Mike Bortel’s mom was a Monahan. He figures that was what landed him the seat of honor in the vehicle that will bring him down Lockport Street as the grand marshal of the 2014 Hometown Irish Parade.
That might have swayed the selection committee, but mostly it was Mike’s tireless commitment to Plainfield, particularly its remarkable history, that made him this year’s choice. Among the myriad benefits the village has reaped from Mike’s antiquities activism is its recognition last fall for inclusion on the National Register of Historic Places– a very big deal indeed.
Although he has called the village home for barely a dozen years, Mr. Bortel, 66, has become more thoroughly familiar than almost anyone with the characters, buildings and stories that comprise the community’s fascinating past.
Chairman of the Historic Preservation Commission, Mike moved here in 2002, the same year he retired after a 31-year career at Thornridge High School in Dolton, where he taught history and geography, also serving as director student activities for more than half of that time.
He got involved a decade ago in advocacy for his adopted hometown, after discovering some of the intriguing details behind select structures and sites in the area. Since that time, Mike has spent countless hours in the basement headquarters of the Will County recorder’s office, poring through records stored there in long metal drawers. Among his current projects is exhaustive research into all of the lots in the oldest part of town, from 1834 to the present day. All of them.
“It’s so interesting – more to me, because I don’t know it. I’m learning it, bit by bit,” he said. “Plainfield history is really quite fascinating when you consider by the 1850s, probably 50 or 60 percent of the population were related to one another.”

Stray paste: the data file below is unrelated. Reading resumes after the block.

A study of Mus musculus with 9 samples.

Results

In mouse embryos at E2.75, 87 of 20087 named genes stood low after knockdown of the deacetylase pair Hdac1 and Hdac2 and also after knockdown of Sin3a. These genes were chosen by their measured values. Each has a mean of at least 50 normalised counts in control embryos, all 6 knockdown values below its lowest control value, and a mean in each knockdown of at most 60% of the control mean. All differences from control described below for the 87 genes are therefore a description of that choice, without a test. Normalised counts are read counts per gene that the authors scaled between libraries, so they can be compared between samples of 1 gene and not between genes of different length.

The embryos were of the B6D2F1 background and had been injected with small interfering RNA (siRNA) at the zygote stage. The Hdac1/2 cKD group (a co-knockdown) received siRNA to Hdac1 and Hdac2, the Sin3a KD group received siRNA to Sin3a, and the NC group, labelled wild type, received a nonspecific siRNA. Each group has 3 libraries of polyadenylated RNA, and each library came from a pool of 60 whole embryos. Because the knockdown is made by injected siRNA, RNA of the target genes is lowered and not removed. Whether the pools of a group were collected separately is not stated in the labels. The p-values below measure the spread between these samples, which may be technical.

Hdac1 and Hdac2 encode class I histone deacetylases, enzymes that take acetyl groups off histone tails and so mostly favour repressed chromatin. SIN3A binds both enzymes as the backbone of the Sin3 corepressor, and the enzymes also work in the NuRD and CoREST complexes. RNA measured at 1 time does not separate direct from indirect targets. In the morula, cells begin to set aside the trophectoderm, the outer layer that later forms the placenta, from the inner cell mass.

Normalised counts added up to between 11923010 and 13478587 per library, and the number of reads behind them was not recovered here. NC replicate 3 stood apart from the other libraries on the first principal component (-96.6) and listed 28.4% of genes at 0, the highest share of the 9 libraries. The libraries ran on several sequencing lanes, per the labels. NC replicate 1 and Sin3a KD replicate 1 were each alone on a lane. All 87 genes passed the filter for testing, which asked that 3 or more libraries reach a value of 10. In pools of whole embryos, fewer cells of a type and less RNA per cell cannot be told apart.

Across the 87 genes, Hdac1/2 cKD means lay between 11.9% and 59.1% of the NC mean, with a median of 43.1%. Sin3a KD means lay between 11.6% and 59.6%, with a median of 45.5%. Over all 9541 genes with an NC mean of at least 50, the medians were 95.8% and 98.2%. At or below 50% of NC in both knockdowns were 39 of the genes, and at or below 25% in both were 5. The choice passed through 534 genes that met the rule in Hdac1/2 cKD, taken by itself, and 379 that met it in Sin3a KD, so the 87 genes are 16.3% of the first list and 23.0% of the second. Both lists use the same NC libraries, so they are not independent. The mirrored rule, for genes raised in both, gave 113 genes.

He’s learning a lot of tidbits, and retains nearly everything – thanks to the combination of his passion for the past and his gift for razor-sharp retention of detail. He can tell you, off the top of his head, that Franklin Mathers spent $200 for each of the 160 acres that would become home to the 96 lots known as East Plainfield. He knows it was 1911 when the village’s sewer system went in.
Mike puts his energy behind his passion, working to save buildings from the wrecking ball whenever it’s possible and makes sense. He understands that not every old building can, or should, be saved – but he sees immense potential in the future for many of the village’s architectural treasures from the past.
“We’ve got as much to offer as Galena, or St. Charles, or even Geneva,” he said, adding, “I always have ideas. I just have to find people to pick up on them.”